Sometimes living in Taiwan feels like living on the bottom of the ocean, sometimes it feels like living in a circus, and sometimes, it's just like living at home.
Take for example, the swimming pool.
James and I got a hankering for a swim two weeks ago and found several locations on the internet to check out. It turned out that our first choice was, TADA!, a vacant lot that used to be a swimming pool (the internet isn't as up to date as we think sometimes.) But another location, the SPA as the sign calls it, was open and awesome. I mean, really cool. $3 a visit gets unlimited swim time, sauna time, play time, shower time, hot pool time, and general people watching time, if you really want. You can even bring your white water kayak to practice flipping over in the pool, as we saw a man, in the pool, in a silver helmet, doing. I say, let's do it!
Lap swimming at a pool in Taiwan is a fashion parade. Wow-wow-wee-woo-woo: floral tankinis and swim caps are a must! It makes me feel just a bit more waiguoren when all I brought to Taiwan is a mismatched bikini (but had to buy the swim cap), but people don't seem to mind seeing my over-pale belly parading around.
Especially not the kiddies. We happened to finish a post-work stress relief dip right as an enormous group of school children pulled up. They couldn't believe there were white people at the pool. They couldn't believe it so much that they made a mouth gaping semi-circle around me in the changing room, clearly not aware that I understand much more Chinese than my face lets on. I love the swimming pool.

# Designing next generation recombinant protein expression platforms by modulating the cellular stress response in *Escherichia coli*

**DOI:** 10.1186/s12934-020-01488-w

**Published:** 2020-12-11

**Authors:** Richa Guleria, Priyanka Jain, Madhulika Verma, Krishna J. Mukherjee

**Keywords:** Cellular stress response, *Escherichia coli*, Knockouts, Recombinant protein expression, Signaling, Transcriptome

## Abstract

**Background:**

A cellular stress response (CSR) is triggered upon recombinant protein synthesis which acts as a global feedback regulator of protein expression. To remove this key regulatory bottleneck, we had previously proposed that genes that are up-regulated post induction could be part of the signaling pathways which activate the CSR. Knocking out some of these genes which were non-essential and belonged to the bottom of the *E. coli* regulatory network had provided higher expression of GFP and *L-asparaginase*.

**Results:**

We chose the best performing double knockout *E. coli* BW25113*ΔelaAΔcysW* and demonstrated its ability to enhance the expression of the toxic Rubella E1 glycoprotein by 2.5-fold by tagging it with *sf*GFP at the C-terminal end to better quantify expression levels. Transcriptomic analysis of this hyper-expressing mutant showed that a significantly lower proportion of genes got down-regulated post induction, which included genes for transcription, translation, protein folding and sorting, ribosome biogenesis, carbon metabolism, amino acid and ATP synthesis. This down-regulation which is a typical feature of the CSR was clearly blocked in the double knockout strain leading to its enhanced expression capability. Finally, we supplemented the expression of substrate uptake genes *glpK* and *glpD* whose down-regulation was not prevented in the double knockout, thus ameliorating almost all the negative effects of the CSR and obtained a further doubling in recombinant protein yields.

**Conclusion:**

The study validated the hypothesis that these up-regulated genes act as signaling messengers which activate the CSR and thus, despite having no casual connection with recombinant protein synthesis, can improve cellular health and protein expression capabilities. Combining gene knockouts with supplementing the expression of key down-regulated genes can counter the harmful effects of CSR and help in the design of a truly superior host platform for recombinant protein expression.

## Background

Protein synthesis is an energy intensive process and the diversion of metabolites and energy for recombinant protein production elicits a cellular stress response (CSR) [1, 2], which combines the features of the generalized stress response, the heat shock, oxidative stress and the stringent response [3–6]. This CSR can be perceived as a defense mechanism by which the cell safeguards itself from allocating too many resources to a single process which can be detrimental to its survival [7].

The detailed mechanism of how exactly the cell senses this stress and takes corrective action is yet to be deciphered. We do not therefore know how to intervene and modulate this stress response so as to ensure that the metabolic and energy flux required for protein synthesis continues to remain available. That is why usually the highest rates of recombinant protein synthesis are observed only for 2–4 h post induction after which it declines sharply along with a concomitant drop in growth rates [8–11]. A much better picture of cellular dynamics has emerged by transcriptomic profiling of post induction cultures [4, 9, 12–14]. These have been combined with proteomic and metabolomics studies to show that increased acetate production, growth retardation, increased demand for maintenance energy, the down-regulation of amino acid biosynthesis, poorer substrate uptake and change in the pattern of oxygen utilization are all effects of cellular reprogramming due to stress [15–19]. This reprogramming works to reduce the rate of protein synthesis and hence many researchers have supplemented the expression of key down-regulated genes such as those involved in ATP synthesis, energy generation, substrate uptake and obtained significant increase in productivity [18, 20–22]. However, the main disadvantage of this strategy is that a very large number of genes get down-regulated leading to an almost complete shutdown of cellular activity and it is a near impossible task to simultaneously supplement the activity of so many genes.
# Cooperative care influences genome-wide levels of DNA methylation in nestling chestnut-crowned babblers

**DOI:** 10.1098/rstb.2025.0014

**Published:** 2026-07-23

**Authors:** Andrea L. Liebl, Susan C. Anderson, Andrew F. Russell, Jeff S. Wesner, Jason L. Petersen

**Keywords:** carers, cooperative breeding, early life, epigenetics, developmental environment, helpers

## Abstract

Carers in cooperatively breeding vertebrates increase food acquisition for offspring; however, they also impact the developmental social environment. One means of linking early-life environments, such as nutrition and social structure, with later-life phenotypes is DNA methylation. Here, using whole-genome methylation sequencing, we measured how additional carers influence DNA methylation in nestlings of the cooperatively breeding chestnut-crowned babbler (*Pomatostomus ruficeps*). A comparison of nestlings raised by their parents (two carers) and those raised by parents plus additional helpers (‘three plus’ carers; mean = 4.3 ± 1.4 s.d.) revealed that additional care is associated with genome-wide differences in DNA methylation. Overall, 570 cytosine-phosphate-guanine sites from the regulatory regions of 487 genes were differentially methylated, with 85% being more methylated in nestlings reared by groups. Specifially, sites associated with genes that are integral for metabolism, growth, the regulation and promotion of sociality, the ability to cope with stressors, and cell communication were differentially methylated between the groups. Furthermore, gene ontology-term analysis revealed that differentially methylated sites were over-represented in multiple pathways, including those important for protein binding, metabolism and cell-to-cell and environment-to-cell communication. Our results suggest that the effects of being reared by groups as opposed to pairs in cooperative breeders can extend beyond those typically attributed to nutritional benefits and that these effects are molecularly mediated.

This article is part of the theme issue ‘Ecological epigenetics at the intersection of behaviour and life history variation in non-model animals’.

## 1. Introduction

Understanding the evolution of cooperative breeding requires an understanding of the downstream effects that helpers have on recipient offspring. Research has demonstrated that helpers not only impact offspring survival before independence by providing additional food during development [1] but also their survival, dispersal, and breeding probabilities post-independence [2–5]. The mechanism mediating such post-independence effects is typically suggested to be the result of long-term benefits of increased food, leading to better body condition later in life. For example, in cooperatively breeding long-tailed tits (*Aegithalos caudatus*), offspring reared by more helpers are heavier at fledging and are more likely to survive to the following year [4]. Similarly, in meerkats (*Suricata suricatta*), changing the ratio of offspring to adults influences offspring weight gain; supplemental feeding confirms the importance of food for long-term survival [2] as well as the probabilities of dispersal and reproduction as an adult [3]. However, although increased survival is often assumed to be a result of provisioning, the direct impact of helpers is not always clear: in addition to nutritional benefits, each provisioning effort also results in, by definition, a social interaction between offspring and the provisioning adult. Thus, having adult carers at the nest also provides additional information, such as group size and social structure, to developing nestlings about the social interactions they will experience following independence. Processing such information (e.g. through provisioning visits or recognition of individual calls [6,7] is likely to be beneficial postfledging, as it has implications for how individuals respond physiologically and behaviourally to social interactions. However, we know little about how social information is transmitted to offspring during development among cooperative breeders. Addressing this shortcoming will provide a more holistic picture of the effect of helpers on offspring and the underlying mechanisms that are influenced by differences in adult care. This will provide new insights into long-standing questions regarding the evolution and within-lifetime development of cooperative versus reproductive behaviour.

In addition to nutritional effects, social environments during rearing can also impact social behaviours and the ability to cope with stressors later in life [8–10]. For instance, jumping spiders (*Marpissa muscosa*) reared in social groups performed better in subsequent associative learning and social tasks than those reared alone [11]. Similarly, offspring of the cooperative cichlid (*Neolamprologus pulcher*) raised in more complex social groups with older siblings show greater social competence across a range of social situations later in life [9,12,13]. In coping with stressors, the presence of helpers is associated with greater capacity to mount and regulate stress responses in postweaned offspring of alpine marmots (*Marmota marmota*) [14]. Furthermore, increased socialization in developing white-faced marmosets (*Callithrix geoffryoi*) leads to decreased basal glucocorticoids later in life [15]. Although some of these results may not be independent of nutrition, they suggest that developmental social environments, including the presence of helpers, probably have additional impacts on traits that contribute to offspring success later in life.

And the dentist?
I know when I hear field trip, I think "Please, let's go to the dentist." I bet it's what my 3 year olds were thinking, too. The poor things never saw it coming. All they knew was that we were taking the bus somewhere, and they love the bus.
I had heard stories about the dentist. Another English teacher went to get a check-up and a cleaning and ended up getting a "teeth scraping" - something that sounds on par with getting my arm hairs individually tweezed. I knew that something simple like toothpaste was a bit sketchy. A parent of a student gave me two tubes of toothpaste as a gift, which was great, except it was menthol toothpaste. Ah, just like brushing your teeth with bug spray and eucalyptus.
Plus, I just can't figure this out: Why is dental care so cheap and abundant, and yet children have the most disgusting, rotten teeth I have ever seen? Plus, it's standard to brush at least 3 times a day. The hypothesis is lack of flouride in the water, but really, maybe parents are just giving kids durian fruit candy or something to suck on while they sleep.
Some of my kids have teeth that make your toe hair curl. Beautiful, angelic faces, but blackened, holey, disfigured little gnashers. I love to make them laugh, I love to see them smile, but sometimes I can't help but think, if only you could talk, smile and laugh with your mouth closed! Seriously, very gnarly.
Back to the dentist: All the young students piled into the office to wait their turn. My job was to life the terrified toddlers into the dentist chair, where they were quickly poked and it was decided how many and where there were cavities (so the kiddies could come back with Mommy and Daddy another day to get them filled..or refilled...as it might be necessary.)
Some of my students were so brave and happy to play "big boy" or "big girl" for 30 seconds while getting orally violated. But some were not. Five of them did not want anything do with it. One look at the bright light and the scary hook about to go into their mouths and they screamed. I don't blame them. I hate the dentist. And to be honest, I may have giggled a little, because they were so cute, so helpless, and so right: dentists are masochists and we should be scared.
Sometimes, Taiwan is like home. Babies hate the dentist and pre-teens are fascinated with nearly naked adults.